In the News

Recent Coverage of HMS in the News
June 12, 2015

Bacteria aren't renowned for their punctuality – but perhaps one day they will be. A working circadian clock has been inserted in E. coli that allows the microbes to keep to a 24-hour schedule.  Pamela Silver, Elliott T. and Onie H. Adams Professor of Biochemistry and Systems Biology, is quoted.

June 12, 2015

For all the intensity, emotion and pervasiveness of the debate about sexual assault in college, there’s an element that’s often lost and unheard: men’s stories. Jim Hopper, part-time instructor in psychology at Cambridge Health Alliance, is quoted.

June 11, 2015

Illness weakens our bodies and our minds, and the damage often is compounded by what patients experience in hospitals across the nation. As people live longer, and our population ages, addressing this issue is taking on new urgency. Sharon Inouye, professor of medicine at Hebrew SeniorLife, is quoted.

June 11, 2015

Starkly contrasting views took center stage last month in a raging international debate over the long-term use of antidepressants and other psychiatric drugs. Dost Ongur, associate professor of psychiatry at McLean Hospital, is quoted.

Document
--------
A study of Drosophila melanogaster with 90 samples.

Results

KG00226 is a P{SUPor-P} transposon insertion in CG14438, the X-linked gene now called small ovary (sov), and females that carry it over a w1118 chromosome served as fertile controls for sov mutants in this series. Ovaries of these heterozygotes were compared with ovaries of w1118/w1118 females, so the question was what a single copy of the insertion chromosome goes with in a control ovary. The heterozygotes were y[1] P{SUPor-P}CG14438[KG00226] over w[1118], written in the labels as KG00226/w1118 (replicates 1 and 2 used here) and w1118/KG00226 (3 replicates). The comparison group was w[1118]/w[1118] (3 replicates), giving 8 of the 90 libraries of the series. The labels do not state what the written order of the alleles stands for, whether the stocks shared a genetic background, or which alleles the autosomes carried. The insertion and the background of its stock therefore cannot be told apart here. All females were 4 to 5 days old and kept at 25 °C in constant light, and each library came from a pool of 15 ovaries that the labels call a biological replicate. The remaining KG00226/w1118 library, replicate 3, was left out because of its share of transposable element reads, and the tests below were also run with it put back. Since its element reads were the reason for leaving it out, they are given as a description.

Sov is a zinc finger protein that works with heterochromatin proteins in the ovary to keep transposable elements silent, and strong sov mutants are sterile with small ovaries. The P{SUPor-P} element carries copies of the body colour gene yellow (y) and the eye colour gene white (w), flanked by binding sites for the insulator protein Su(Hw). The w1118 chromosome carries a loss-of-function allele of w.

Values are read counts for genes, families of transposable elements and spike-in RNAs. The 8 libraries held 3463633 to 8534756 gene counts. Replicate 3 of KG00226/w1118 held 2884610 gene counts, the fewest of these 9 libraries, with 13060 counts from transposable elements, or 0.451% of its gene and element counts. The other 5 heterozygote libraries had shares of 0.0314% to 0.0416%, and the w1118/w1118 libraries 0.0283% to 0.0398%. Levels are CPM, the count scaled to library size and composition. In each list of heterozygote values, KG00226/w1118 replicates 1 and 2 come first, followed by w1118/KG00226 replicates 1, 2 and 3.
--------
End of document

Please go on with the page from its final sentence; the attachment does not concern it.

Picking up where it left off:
June 10, 2015

New research reveals that people who report higher levels of intellectual stimulation throughout their lifetimes don’t actually exhibit lower levels of protein plaques and other signs of Alzheimer’s compared to those who don’t. But also found that staying mentally and socially active can push back the appearance of memory problems and other symptoms of Alzheimer’s. Keith Johnson, professor of radiology at Massachusetts General Hospital, led the research.

June 10, 2015

In a recent study, researchers discovered “biological commonalities” among women who look younger than their actual age. Alexandra Kimball, professor of dermatology at Massachusetts General Hospital, led the study.

June 10, 2015

Cesarean section may leave babies vulnerable to chronic health problems such as asthma, diabetes and obesity, a new analysis hints. Susan Hellerstein, assistant professor of obstetrics, gynecology and reproductive biology at Brigham and Women’s Hospital, is quoted.

June 10, 2015

For centuries, archaeologists have reconstructed the early history of Europe by digging up ancient settlements and examining the items that their inhabitants left behind. More recently, researchers have been scrutinizing something even more revealing than pots, chariots and swords: DNA. David Reich, professor of genetics, led the research.